3 CIR 270 (1977)


Special Administratrix in the |
Estate of Walter Kurtzuba, |
Plaintiff, |
223, |
Defendants. |

Appearances: For Plaintiff: Edward F. Fogarty, Jr.

For Defendant City: Thomas J. Young

For Defendant Local: Robert E. O'Connor, Jr.

Before: Judges DeBacker, Green, and Rudolph.


The plaintiff, Walter Kurtzuba, was employed by the defendant Transit Authority as a bus driver from sometime in 1970 until approximately May 1, 1975. The plaintiff was also a member of the defendant local, which had negotiated and executed a collective bargaining agreement with the authority.

By his original Petition, the plaintiff alleges that he was wrongfully discharged and further alleges that the defendant local inadequately represented him in processing his grievance arising out of the discharge.

During the pendency of the action, the plaintiff died and the action has been revived, over objection of the authority, in the name of his widow and administratrix. In light of the decision hereafter reached, we do not need to rule upon the propriety of the revivor or the authority's objections thereto.

Briefly stated, the facts are that the plaintiff reported for work on April 30, 1975 at approximately 6:00 A.M. He drove his morning run and then reported to the dispatcher's office that he was ill and did not return for his afternoon shift, which was scheduled to begin at 3:05 P.M. His widow testifies that he came home at approximately noon on the day in question and remained at home for some 2 1/2 to 3 hours. He then left the home and returned late in the afternoon. Mrs. Kurtzuba learned through conversations between Kurtzuba and his son the following day that the two of them, Kurtzuba and the son, had been at the Ak-Sar-Ben race track on the afternoon in question.

Supervisory employees of the authority learned that Kurtzuba was at the race track at 2:33 P.M. on April 30. This information came to their attention on May 1 and on the same date, the acting manager informed Kurtzuba by letter that he was discharged, effective May 2, 1975. Kurtzuba and the union pursued the grievance process which culminated in a sustaining of the order of discharge. Kurtzuba requested arbitration under Article XXIV of the collective bargaining agreement. The authority refused to arbitrate and this action was commenced.

The plaintiff claims a violation of Article II of the agreement; however, that article is merely a statement of the objects of the agreement in generalities and does not establish any particularized obligations on either party.

The plaintiff alleges that the authority breached Article XXIV, the arbitration article of the agreement. This charge is based upon the authority's refusal to submit to arbitration. This claim must fail on the basis of Article V, Section 2 (D) of the agreement. Under the terms of that section, only the union or the authority is granted the right to appeal to arbitration. Article V, Section 2 (D) says in part: "---with the understanding that only the Union or the Authority is the moving party to arbitration." The request for arbitration in this instance was made by letter of the attorney for the plaintiff and not by the union. The president of the local testified that he had never taken a case to arbitration under the terms of this agreement. The president had requested the NLRB to accept jurisdiction of this case but that request was withdrawn at the request of the plaintiff.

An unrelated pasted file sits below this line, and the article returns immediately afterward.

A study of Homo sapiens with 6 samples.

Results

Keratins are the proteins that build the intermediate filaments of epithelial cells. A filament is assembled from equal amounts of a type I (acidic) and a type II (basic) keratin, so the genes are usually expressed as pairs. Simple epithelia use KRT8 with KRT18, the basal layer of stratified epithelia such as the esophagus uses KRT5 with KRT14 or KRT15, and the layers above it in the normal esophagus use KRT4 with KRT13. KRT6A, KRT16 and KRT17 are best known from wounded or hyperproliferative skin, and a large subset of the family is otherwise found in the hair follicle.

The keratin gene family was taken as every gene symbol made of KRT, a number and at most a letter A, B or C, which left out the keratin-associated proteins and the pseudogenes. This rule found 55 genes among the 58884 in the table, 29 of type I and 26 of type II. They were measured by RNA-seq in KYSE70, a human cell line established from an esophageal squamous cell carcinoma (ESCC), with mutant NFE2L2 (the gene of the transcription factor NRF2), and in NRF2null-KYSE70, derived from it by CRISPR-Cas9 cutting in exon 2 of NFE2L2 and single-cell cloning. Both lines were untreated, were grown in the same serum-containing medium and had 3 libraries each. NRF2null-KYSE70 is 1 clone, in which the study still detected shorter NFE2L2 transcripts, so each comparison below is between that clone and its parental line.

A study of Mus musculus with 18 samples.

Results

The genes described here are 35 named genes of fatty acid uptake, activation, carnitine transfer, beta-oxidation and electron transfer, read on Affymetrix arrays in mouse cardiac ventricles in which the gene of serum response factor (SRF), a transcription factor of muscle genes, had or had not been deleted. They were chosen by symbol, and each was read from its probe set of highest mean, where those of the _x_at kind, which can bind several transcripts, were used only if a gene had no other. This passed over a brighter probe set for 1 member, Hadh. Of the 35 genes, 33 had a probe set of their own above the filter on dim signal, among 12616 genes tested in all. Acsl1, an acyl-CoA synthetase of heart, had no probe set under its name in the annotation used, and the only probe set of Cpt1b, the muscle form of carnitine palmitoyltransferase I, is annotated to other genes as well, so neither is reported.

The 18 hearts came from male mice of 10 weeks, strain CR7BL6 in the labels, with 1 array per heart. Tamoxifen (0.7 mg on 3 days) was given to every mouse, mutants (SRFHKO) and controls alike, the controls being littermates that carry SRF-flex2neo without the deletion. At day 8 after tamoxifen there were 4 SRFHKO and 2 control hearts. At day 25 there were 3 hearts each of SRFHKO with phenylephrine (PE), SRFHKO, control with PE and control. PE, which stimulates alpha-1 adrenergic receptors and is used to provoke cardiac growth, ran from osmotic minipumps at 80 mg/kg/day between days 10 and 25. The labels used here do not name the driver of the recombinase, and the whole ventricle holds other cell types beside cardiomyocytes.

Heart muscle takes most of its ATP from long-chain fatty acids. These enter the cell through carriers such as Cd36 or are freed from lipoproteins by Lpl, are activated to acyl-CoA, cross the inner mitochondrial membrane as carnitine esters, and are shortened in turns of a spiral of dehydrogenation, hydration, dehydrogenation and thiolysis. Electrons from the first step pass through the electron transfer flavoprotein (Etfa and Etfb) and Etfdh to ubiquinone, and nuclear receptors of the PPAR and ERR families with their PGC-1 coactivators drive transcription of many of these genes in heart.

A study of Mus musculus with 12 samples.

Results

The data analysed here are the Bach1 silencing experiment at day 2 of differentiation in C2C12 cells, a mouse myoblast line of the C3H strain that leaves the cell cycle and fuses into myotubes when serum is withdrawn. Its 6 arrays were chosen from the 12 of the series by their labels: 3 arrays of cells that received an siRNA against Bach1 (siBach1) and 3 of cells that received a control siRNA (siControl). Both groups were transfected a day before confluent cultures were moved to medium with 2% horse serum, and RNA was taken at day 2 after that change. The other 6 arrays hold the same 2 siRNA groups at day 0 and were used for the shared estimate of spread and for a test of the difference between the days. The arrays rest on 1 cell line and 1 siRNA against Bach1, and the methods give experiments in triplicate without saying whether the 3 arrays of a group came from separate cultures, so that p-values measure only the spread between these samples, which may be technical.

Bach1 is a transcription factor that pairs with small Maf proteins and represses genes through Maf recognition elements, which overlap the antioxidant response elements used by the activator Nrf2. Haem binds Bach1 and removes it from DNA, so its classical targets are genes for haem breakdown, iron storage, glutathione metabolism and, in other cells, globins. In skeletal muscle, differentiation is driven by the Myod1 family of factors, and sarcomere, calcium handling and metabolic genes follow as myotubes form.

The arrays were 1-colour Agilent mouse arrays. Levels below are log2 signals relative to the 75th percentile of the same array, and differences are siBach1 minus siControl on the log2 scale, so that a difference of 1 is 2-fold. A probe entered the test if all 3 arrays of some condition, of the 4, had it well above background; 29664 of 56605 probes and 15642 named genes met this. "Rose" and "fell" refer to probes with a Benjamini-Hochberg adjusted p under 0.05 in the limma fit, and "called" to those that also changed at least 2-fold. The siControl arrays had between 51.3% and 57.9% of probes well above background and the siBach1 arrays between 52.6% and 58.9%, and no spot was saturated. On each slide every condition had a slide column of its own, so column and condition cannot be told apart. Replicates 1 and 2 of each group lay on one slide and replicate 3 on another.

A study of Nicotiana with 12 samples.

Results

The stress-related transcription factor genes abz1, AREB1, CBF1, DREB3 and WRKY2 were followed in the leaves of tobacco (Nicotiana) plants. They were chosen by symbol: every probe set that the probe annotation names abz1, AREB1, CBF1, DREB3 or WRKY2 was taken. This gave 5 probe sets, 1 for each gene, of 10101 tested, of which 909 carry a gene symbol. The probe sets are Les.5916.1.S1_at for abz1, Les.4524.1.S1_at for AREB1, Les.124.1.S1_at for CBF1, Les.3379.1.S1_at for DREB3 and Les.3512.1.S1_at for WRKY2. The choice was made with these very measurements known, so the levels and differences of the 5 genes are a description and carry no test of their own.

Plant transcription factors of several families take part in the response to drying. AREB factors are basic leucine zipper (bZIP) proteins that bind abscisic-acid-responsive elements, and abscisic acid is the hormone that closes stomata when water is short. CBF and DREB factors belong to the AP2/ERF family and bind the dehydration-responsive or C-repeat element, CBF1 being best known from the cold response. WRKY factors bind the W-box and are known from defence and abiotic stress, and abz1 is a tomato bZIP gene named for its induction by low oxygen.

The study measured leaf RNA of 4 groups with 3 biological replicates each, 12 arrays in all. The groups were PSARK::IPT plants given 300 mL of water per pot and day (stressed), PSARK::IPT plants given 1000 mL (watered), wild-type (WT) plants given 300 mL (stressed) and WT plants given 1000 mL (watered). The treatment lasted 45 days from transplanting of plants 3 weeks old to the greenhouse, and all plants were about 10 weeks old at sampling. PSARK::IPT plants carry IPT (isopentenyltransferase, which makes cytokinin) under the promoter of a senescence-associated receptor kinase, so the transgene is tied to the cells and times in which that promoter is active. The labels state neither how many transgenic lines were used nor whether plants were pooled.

Plaintiff further claims that the discharge was excessive under the circumstances. The record indicates, however, that the authority had in two previous instances, in approximately 1 1/2 years before the one giving rise to this matter, discharged other employees for similar conduct. Kurtzuba, the day before the incident in question, had requested time off to go to the races and had been refused. In the course of that conversation, he had offered the dispatcher the opportunity of having a bet placed. The authority has consistently maintained the position that Kurtzuba was fired for dishonesty; that is, reporting sick and then going to the race track at a time when he should have been working. Nothing in the evidence demonstrates that position to be anything other than what the authority claims it to be.

On the basis of the evidence, we find that the authority properly exercised its reserved powers under the collective bargaining agreement; that the plaintiff has failed to sustain his burden to show that the discharge was wrongful; that the plaintiff has not been prejudiced by the refusal to arbitrate in that the question of the propriety of the discharge has been fully litigated before this Court, and that the action should be dismissed.

IT IS, THEREFORE, ORDERED that this action is dismissed.